For Dehji Akran a friendly hug is enough to send him to hospital in severe pain. Dejhi was born in Nigeria with sickle cell disease and says even with his condition he is blessed and mostly happy-go-lucky.
Sickle cell disease is an inherited blood condition where the red blood cells become sickle-shaped. It’s not commonly seen in New Zealand because it affects people mainly of sub-Saharan African descent.
“I have heard that there are only three people with sickle cell in the Wellington region including myself,” says Dehji who moved to the city in 1999.
Currently there is no cure for sickle cell disease and it can cause many serious complications including stroke, increased risk of infection and kidney damage.
Like many others with sickle cell disease, Dehji experiences crises. This is when the sickle-shaped cells block blood flow to an organ often resulting in debilitating pain for a few days or even weeks.
I’ve had it all my life and was only three or four when I had my first crisis.
“You never really know what’s going to happen. One moment you’re happy and then boom you feel dizzy and then there’s severe pain. It starts with your ankles then travels up your legs and back, up to your neck until you have issues breathing.”
Over the years the 52-year-old has found ways to manage his crises by taking two pain killers and wrapping himself in a duvet.
“I wait for a few hours and then I’m usually okay, but if I’m having trouble breathing I know I can’t look after myself and I go to hospital.”
If a crisis comes on while he is out he says there is very little he can do to manage it, but Wellington Hospital has set up systems for Dehji to help him avoid sitting in A&E for extended periods.
“I don’t need to spend much time in A&E anymore, I go to the haematology ward and they provide me with liquids and usually after two or three days I can walk out of there. I feel very lucky and grateful. I know that I will be ok 99.9% of the time,” he adds.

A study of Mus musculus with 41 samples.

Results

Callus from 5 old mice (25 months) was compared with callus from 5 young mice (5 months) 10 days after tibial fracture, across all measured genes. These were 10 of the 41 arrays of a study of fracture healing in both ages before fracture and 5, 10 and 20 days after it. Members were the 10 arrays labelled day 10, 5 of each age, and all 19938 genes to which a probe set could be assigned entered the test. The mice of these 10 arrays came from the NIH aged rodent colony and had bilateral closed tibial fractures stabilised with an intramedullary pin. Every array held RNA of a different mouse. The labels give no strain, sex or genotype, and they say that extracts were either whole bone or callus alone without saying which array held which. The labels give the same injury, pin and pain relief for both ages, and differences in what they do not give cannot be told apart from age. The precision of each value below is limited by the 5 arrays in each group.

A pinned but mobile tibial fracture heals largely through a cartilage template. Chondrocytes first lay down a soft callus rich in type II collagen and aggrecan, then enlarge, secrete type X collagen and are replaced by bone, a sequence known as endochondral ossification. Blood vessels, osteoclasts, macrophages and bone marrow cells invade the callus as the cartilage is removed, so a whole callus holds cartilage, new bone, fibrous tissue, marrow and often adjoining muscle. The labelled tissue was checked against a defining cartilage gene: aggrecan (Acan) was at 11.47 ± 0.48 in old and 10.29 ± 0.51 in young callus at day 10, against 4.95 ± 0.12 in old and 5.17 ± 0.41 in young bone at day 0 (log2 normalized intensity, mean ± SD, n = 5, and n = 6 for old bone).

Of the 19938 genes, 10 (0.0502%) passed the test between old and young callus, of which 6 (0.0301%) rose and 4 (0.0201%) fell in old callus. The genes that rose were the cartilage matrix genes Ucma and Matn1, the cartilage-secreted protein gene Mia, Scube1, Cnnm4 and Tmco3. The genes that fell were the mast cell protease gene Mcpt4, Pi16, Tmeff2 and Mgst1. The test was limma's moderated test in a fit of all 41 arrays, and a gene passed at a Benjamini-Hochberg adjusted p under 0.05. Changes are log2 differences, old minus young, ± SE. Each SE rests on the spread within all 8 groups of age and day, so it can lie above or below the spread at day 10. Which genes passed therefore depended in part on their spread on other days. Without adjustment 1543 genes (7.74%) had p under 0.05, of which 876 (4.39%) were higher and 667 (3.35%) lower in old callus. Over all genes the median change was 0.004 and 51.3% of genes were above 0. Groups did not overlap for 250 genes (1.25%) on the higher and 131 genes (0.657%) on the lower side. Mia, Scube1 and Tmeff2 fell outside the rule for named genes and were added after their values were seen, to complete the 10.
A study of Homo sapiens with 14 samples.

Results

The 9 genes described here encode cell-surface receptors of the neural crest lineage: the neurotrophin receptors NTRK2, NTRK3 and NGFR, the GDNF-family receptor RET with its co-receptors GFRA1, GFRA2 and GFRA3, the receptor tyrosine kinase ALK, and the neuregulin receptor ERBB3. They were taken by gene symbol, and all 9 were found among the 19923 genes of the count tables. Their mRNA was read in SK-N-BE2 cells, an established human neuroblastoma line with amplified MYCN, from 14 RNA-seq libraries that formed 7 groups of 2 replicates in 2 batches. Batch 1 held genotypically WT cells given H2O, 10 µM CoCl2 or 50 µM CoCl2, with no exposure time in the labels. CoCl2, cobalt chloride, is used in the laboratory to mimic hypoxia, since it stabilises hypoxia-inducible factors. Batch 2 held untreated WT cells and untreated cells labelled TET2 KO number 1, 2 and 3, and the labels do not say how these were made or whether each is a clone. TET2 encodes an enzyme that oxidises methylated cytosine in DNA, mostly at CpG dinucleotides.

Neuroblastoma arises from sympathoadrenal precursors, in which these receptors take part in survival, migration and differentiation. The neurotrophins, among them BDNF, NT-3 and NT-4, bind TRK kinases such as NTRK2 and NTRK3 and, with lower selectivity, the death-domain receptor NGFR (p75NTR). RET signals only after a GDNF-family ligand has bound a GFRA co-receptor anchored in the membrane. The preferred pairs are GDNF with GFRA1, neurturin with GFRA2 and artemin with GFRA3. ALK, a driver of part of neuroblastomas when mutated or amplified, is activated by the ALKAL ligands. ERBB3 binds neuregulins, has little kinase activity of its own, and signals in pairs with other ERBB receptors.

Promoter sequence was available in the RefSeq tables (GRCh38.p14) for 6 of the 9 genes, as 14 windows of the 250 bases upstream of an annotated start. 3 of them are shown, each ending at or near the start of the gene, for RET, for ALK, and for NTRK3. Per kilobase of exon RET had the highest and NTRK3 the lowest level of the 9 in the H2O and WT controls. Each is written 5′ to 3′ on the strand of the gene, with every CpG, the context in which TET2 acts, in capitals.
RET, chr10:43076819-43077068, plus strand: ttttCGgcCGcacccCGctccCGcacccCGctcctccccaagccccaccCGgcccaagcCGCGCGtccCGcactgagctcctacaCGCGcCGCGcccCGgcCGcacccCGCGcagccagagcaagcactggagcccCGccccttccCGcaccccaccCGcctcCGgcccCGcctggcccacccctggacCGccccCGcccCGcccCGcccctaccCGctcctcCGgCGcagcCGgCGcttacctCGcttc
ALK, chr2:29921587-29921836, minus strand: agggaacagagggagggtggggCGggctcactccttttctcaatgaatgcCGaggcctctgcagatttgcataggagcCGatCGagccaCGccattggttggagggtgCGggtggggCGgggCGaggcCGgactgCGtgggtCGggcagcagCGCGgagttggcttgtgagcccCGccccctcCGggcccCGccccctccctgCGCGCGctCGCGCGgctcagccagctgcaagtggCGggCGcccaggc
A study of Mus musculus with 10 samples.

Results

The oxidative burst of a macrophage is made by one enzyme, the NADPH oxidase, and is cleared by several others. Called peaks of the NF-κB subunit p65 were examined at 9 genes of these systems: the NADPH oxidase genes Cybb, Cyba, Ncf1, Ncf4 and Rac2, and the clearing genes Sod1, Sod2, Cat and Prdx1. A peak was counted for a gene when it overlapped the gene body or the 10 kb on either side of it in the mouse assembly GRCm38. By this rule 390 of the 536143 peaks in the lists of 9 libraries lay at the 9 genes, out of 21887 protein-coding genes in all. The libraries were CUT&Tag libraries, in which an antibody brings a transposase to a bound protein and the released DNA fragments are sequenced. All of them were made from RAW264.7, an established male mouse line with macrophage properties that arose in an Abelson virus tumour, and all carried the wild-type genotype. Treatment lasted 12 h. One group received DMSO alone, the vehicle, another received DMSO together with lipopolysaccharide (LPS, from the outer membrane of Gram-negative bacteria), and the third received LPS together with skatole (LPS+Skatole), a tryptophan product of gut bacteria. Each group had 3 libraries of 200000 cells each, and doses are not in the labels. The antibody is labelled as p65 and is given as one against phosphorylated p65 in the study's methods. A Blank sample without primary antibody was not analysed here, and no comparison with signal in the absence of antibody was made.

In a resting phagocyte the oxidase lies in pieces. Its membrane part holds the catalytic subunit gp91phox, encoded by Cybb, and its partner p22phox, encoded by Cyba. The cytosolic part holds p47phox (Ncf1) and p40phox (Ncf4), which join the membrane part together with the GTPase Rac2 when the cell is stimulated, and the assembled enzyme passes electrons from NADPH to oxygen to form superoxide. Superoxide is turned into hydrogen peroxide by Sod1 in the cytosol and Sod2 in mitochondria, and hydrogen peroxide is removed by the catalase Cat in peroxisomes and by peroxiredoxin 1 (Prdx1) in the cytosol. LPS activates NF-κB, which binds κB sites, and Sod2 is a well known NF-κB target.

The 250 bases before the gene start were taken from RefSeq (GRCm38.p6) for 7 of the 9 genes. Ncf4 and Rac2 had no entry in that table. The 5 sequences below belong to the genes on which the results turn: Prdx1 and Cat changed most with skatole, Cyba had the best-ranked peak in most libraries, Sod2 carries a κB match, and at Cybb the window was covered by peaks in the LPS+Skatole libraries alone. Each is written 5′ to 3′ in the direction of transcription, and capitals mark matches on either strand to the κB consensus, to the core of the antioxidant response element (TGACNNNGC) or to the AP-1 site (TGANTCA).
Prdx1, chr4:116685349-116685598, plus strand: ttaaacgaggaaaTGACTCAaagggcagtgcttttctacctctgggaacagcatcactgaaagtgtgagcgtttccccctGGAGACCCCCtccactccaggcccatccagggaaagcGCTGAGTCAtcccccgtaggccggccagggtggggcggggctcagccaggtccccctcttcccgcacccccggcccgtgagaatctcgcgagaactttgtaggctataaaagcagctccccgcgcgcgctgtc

It was during one of these crises that Dehji lost the sight in his left eye.
“I was in hospital when the back of my left eye began to bleed. The blood vessels in your eyes are quite thin and they were pushing against my retina. “The medication and anaesthesia they gave me to help reduce the swelling made me feel very sick and caused further crises. Eventually my retina broke and I lost the sight in my left eye,” says Dehji.
Recently Dehji noticed his veins are getting thinner, making it harder to get IV lines into his blood vessels. To help him avoid the hospital he drinks eight litres of water a day.
He says the more hydrated he is the less likely he is to have a crisis.
When he was a child Dehji migrated from Nigeria to the UK and received most of his schooling there.
He headed to boarding school for his secondary education before attending university, but his condition caused him to finish much later than his peers.
“Every time I played rugby or did cross country I had to spend the next four days in the sickbay. I had periods of severe sickness during school, which was a huge issue in my education.”
Dehji persevered and graduated from university. He landed a job as a systems test analyst, a career he continued after moving to Wellington.
“My partner and I had our son here in New Zealand. It didn’t work out with her, but I decided to stay and watch the young man grow up. He will be 15 this year.”
Although Dehji’s son is a carrier of the sickle cell gene he is unlikely to experience crises because his mother was not a carrier.
“He just needs to be careful of who he decides to have children with,” Dehji adds.
After deciding to stay in New Zealand Dehji was faced with a number of hurdles.
Not only did he find out he was living in a leaky house, but at the same time he was dismissed from his employment due to his ill health, which has resulted in ongoing legal battles.
Despite his personal difficulties, Dehji likes to have a positive outlook and is actively involved in educating people about his condition.
“Every year I volunteer myself to medical students, so they can see someone with sickle cell and ask questions,” says Dehji.
Dehji says he is grateful because he knows the pain is only temporary. “When crises happen I know I will get through it,” he says.